Fact File
Client: Suhana Masala
Architect: Samira Rathod Design Atelier
Structural Design: Sushil Singh, StudioStruct
Bhate & Raje Construction Co. Pvt Ltd.

Tubular Steel Supplier: Tata Structura, Tata SteelThe deepest satisfaction for an engineer or architect is to conceptualize innovative solutions not visible to the common eye. Often such solutions would be deemed magical, inspiring a whole community on the path of creativity and excellence. We congratulate Er. Sushil Singh & Ar. Samira Rathod for conceiving one such solution using Tata Structura.

Project Brief
Located in Bholi, a village in Khandala Taluka in Satara District of Maharashtra State, India, is the Office and Skill Development Center for Suhana Masala. It is located 55 km north of the district headquarters in Satara. The building is designed as an architecturally pleasing space with large span slabs without beams for areas such as Swagat Kaksh. The building is part of a larger Industrial sheds catering to production facilities for the final product, Masale.

Choice of Materials
Reinforced concrete and structural Steel (primarily tubular) have been used extensively for the construction of the Office and Skill Development Center with form-finished concrete cantilevered box walls, offices, lifts and kitchen areas. Structural tubular sections have been used as composite sections for large-span slabs and cantilever viewing decks.

Architectural Details
The Office and Skill Development Center is a commentary on the shed typology of industrial architecture. Although large in scale the building is full of smaller nuances that can be experienced by the user. Cascading pitched roofs house programs like the exhibition space (Swagat Kaksh) which has large span slabs without any beams and office spaces that are large volumes in height, to more intimate spaces like that of a lunchroom and verandahs. The building opens up to a landscape full of trees with their crowns almost entering the building through its large fenestrations.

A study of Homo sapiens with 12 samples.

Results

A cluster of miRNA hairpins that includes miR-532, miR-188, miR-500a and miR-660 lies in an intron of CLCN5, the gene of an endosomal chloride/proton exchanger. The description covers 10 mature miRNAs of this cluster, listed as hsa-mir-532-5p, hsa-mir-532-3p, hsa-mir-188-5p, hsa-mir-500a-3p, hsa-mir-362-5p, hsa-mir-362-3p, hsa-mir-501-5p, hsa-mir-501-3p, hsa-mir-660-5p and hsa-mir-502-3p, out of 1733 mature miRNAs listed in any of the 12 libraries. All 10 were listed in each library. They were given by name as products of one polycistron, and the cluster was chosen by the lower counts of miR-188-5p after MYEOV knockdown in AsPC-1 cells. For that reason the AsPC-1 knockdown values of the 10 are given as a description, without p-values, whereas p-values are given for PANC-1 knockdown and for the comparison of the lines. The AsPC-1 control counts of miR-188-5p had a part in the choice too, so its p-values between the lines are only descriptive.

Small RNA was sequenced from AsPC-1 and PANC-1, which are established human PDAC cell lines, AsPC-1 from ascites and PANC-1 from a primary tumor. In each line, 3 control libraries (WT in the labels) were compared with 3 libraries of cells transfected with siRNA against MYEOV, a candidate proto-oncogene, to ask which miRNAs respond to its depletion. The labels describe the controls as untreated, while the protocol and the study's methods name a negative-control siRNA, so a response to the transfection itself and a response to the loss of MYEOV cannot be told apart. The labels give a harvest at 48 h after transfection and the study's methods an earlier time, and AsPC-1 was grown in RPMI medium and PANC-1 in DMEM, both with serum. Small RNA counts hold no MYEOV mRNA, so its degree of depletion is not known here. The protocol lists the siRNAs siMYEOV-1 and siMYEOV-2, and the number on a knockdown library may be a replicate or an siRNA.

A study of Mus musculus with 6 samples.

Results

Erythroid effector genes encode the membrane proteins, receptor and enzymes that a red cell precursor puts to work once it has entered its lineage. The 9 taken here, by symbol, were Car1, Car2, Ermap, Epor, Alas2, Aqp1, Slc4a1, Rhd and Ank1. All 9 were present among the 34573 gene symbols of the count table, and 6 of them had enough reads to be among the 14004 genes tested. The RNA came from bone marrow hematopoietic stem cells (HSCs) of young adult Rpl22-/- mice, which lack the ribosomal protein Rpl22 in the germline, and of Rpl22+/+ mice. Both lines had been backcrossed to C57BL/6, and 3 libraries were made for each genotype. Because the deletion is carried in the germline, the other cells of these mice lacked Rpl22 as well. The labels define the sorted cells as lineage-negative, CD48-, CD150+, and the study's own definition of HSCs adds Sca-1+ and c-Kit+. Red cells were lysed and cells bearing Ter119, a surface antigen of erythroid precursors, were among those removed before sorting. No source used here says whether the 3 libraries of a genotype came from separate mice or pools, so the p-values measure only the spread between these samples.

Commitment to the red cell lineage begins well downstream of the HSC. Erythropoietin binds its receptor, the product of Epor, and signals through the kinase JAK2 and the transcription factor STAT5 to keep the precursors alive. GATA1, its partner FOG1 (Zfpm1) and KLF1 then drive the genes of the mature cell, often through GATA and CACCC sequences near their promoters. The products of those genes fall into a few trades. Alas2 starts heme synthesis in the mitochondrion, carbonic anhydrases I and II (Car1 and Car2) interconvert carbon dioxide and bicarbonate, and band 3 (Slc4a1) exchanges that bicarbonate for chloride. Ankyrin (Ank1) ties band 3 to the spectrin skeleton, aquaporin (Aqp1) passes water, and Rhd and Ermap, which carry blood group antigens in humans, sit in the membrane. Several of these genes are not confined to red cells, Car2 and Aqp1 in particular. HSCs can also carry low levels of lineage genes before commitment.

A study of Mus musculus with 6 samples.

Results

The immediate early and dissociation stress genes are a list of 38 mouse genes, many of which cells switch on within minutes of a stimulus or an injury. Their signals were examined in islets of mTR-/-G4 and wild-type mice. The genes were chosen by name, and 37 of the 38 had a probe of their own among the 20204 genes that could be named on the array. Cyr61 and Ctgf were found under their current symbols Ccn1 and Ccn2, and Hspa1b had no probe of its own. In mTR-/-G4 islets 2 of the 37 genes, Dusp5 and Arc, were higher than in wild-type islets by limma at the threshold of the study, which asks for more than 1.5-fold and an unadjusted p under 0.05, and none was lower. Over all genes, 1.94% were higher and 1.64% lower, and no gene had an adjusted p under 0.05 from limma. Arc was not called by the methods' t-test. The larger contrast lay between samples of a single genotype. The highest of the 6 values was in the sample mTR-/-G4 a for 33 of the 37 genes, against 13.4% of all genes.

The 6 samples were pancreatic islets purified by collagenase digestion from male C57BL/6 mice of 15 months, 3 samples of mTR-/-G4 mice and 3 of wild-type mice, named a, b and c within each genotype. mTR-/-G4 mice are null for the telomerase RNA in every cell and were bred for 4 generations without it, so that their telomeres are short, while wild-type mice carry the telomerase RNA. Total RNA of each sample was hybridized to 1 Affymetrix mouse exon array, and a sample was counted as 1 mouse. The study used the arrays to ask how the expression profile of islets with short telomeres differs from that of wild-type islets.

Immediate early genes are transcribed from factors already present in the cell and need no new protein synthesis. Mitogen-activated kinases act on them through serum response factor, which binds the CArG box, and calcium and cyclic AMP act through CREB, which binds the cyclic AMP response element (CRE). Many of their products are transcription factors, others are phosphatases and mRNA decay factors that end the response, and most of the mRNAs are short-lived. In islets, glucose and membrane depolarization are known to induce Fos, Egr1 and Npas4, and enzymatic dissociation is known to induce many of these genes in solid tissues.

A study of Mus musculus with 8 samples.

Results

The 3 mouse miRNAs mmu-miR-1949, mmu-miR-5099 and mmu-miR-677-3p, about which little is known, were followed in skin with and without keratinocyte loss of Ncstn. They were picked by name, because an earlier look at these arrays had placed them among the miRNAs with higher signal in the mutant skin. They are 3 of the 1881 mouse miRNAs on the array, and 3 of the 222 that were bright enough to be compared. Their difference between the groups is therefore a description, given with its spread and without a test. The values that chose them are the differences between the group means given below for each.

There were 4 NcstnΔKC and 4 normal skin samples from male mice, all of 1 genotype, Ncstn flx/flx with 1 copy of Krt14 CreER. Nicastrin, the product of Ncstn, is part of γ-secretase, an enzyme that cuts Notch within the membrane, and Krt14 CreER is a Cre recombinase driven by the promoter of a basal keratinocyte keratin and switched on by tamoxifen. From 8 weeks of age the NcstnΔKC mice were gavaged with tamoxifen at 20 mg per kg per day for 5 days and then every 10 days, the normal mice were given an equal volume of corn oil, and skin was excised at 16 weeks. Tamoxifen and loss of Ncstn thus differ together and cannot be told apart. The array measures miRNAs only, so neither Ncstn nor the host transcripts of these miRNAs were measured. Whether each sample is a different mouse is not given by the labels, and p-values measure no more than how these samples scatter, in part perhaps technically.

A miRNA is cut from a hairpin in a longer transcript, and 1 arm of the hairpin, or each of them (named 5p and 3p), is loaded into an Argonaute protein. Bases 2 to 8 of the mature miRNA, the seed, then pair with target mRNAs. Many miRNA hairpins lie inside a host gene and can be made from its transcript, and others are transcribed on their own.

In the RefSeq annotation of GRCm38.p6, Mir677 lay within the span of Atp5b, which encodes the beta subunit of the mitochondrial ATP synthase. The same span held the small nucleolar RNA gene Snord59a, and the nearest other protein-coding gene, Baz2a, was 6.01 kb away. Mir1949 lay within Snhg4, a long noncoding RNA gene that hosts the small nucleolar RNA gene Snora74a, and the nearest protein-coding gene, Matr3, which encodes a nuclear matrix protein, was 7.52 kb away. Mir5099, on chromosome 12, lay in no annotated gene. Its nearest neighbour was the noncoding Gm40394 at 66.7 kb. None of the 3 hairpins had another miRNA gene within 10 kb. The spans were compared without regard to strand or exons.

The primary challenge in the design was to have a large span beamless Swagat Kaksh 8m x 21m with form-finished concrete. As the spans increase the slab depth and deflection increase and the actual concept of having a beamless clean slab would become unviable. The challenge was also for the bottom of the slab should be the same for adjacent areas such as the entrance lobby etc. No false ceiling was designed to have been erected later hence both the top and bottom of the slab had to match the other adjacent area levels.

It was decided to use Tata Structura tubular sections with concrete slab of grade M40 with self-compacting concrete. A grid of RHS 150x150x8 was used in the internal parts of the slab with studs on both faces to tie with the reinforcement of the slab. A total thickness of 260mm was designed to keep the top and bottom clear cover. The saving due to voids in the tubular sections would account for reduced dead weight and overall saving in the thickness of the slab with no internal beams.

Value engineering is required by MEP services to improve upon existing traditional systems of conduits to pass through the tubes rather than laying additional layers of conduits which when designed properly is far better than the traditional method.

In Conclusion
Using steel tubular sections as composites in RCC structural systems is a way forward for optimized architectural space design coupled with improved ductile behavior, stiffness and deflections. While structural composite sections have been used extensively in Bridges in India, the need to use composite sections with tubular sections has several advantages in terms of sleeker building profiles and internal space usage. The improved seismic behavior of the structure is an added advantage.